You Are a Victim Only When You Choose to Be

In a follow-up email to a coaching client, I wrote...
"The discomfort you're feeling is the discomfort of being in unfamiliar territory. You now find yourself in an entrepreneurial start-up environment where you're expected to lead without being granted the formal authority to do so."

His Previous Role

  • traditional environment
  • long-standing, HISTORIED organization
  • multi-layer hierarchical structure
  • well-defined roles & reporting structure 
  • office-based workforce

His Current Role

  • entrepreneurial environment
  • start-up organization 
  • flattened hierarchical structure
  • ambiguous roles & reporting structure
  • remote workforce
In this situation, my client had two choices.
As he struggled to adjust as a leader in this unfamiliar environment, my client certainly had the option to view himself as a victim of circumstance. As a way of letting himself off the hook, he could carefully avoid acknowledging any ownership of anything he was doing or not doing to contribute to his current situation. In doing so, he could feel sorry for himself and exaggerate his innocence by pointing fingers at others and making excuses for his struggles. 

(This option was tempting as it is an easy one to put into action and one he had already employed several times before.)

But let's get real...rarely are we purely a victim of our circumstance. And even in those rare instances when we truly are, we still don't have to assume and fully own the victim role. That's a choice.

There are countless stories of individuals who have been dealt some pretty crappy hands. But... because they refuse to live life as victims, they've made the difficult decision to persevere. In other words, they viewed their situation as a challenge-to-be-solved and assumed the role of troubleshooter.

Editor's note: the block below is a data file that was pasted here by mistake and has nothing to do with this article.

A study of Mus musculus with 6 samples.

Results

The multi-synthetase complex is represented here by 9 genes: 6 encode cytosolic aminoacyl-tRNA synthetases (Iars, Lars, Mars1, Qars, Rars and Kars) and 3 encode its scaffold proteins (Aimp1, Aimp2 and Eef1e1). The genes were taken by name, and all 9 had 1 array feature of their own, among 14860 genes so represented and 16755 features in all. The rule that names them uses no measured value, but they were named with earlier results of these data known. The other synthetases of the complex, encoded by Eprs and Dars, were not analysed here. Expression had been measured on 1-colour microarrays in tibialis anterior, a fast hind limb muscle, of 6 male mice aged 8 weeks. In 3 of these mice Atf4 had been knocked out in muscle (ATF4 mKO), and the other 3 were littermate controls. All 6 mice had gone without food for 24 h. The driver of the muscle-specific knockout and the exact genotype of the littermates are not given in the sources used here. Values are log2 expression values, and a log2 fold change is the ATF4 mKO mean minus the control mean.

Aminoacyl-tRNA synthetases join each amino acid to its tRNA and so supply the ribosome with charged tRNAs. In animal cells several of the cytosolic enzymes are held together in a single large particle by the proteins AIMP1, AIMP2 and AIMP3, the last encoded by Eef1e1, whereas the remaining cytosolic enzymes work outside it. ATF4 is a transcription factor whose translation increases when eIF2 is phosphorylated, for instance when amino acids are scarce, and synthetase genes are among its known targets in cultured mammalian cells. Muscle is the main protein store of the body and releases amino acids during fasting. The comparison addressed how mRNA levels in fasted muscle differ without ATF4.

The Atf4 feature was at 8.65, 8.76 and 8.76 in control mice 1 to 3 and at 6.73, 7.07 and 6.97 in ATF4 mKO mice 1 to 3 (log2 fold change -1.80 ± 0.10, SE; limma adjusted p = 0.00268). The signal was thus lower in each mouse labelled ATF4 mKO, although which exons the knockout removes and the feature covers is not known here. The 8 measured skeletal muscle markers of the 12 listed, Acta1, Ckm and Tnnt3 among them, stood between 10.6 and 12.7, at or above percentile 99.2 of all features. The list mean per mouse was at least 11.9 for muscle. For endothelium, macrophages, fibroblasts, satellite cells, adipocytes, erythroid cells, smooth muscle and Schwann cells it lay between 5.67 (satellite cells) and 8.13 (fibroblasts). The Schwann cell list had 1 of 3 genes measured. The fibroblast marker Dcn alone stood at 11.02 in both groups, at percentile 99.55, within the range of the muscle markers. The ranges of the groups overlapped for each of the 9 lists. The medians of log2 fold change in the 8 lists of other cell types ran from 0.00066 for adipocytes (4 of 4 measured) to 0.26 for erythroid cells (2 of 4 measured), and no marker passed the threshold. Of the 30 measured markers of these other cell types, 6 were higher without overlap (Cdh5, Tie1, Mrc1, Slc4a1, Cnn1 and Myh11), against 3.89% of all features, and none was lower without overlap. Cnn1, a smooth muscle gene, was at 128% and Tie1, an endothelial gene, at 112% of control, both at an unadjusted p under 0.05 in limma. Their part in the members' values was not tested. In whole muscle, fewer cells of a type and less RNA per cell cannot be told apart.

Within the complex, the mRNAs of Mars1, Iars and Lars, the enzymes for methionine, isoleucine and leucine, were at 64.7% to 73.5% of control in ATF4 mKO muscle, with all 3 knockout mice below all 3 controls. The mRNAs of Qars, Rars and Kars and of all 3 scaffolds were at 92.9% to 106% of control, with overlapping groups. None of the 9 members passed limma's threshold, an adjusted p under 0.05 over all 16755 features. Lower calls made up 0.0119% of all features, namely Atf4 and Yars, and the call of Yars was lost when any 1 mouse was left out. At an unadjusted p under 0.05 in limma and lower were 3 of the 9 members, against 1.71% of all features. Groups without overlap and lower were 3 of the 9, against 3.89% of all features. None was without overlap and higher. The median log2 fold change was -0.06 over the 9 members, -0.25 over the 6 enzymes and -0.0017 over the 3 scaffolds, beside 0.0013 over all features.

And that of course, was the other option my client had... choose the role of troubleshooter by adopting a problem-solving mindset and owning responsibility for his response to the struggles he was having as a leader in this new and unfamiliar environment.
  • As a troubleshooter, he could choose to view his current environment as having a dual purpose. It wasn't just a place to show up, work, and get things done. It was also his laboratory for personal growth and development - a place to test new ideas, approaches, and strategies for leading without authority and still getting work done through others.
  • He could then lean into the tension he was feeling between his current reality and preferred reality by engaging in trial and error (iterating, tweaking, and evolving) to make incremental progress toward the growth and performance outcomes he desired.
Fortunately, he choose the latter option.

We're complex creatures navigating a complex world with challenges around every corner. When facing those challenges head-on, there will be times when we fall down (or get beaten down). Whichever it is, it doesn't really matter because your choices remain the same. There will be those who make the difficult choice to get back up and persevere while others take the easy route - feeling sorry for themselves and falling comfortably into the victim role.
The next time life gets difficult which role will you assume?
Because I will...especially if you're driving towards anything of any importance. And remember...the option that will likely serve you well in the long-term may not be the one that is easiest in the short-term.

Keep your eye on the long-game, my friend.